The Scarlet & Black

The Independent Student News Site of Grinnell College

The Scarlet & Black

The Scarlet & Black

Put your stomach where your mouth is

Professor Sandy Moffett encapsulated in a few words a sentiment that could actually be said about every major issue today, but is perhaps the most true about the future of the Midwest and world agriculture.

“The common perception is that our problems are too big to solve,” she said.

The entire U.S. agriculture system seems to be stacked so that intractable, insatiable behemoths dominate how our nation produces food and any change to our system can only fundamentally risk our standard of living.

Is this what people are thinking when they converge on the student garden? Is this the notion behind the local Thanksgiving?

How can it be that a campus that professes to live by the tenants of social justice demand bananas in December while damning the American agriculture system as being corrupt and unsustainable?

Are we dealing with an unstoppable juggernaut of a food system or elitist hypocrisy? The registrar website reported today that the Intro to Environmental Studies class is overenrolled by 60 people. There are 90 people who are willing to put one semester of their college career into learning about food systems, 90 people who are clamoring to learn about food systems and their consequences. Yet where are these people when solutions are needed?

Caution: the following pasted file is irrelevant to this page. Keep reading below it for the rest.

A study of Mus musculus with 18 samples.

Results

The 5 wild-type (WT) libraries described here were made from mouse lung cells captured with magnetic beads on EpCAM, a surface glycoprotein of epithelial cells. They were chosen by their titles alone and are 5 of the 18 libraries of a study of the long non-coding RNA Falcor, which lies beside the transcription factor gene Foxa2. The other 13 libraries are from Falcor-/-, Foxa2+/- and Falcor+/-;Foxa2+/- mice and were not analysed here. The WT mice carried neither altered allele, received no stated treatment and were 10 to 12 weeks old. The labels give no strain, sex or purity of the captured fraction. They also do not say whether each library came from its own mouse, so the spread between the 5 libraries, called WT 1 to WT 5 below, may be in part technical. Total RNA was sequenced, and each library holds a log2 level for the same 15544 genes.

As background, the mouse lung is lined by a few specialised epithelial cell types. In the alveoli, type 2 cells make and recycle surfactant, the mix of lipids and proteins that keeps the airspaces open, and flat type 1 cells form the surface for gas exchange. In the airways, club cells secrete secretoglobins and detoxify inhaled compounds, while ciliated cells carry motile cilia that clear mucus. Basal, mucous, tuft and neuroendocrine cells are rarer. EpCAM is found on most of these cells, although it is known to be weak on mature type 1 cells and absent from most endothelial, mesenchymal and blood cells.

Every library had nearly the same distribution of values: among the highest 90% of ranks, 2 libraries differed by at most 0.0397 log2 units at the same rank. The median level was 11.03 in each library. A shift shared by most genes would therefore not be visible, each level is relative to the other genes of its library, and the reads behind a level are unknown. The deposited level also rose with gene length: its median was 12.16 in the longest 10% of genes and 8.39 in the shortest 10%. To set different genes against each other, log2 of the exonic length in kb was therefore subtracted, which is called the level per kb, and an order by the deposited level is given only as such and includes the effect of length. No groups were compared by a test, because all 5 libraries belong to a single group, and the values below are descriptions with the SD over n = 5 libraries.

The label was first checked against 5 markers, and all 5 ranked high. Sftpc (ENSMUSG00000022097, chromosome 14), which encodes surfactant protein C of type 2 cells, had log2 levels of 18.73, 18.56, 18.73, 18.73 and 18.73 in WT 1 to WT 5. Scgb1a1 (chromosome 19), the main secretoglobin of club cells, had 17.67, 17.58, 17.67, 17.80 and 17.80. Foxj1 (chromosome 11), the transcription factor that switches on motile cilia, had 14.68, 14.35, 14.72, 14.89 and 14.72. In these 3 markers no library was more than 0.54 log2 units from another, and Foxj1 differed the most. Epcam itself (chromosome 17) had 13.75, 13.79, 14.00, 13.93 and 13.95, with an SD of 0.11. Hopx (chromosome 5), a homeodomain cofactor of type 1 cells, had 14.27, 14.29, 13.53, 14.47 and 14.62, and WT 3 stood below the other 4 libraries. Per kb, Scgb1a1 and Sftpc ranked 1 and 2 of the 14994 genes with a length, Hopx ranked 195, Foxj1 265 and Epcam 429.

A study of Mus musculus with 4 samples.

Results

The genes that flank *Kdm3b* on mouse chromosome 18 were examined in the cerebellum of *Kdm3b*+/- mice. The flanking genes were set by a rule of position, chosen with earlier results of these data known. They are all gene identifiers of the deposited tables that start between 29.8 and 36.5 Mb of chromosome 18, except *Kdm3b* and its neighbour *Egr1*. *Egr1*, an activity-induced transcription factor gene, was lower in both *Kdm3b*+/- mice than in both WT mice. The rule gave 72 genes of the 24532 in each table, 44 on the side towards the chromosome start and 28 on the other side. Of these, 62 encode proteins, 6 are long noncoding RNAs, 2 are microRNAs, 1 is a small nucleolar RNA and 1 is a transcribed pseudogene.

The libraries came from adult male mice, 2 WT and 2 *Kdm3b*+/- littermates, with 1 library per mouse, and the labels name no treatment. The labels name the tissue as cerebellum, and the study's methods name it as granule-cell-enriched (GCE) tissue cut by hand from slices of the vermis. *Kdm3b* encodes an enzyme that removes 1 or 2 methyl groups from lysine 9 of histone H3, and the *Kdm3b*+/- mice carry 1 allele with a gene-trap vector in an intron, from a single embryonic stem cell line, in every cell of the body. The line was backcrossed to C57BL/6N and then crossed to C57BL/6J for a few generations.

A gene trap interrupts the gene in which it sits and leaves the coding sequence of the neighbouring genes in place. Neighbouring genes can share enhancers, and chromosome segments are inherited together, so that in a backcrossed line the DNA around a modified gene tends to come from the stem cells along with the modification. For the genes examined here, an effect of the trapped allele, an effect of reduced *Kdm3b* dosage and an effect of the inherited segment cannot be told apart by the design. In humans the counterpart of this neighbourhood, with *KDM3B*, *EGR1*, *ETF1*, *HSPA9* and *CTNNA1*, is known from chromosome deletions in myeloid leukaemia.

Why do we need strawberries in December? Why are we up in arms when we don’t get the type of rice we like? How can we live with ourselves when we shout that Grinnell College does little to further sustainable foods yet down the fresh tomatoes grown by means of for all intents and purposes, environmental terrorism (read the book Tomatoland)?

The systems destroying our world have won if we are left clamoring for cheap plastic shoes on the Internet but are almost violently opposed to paying those few extra cents per pound for locally raised or organic produce.

We can live sustainably. Save our land. Restore our environment but not if we’re going to pretend that by not eating meat you’re any better than those carnivores. You sip that soy and you are responsible for cutting down the Amazon rainforest. You eat that tilapia that destroys miles of coastal fish communities but sign up for PETA’s sexiest vegetarian award as if you’re not destroying the earth too.

By thinking about what you eat, you can save the Midwest. You can prevent the food crisis. You can get rid of the hog smell. But only if you are willing to close your Facebook, put down the banana and pick up a shovel.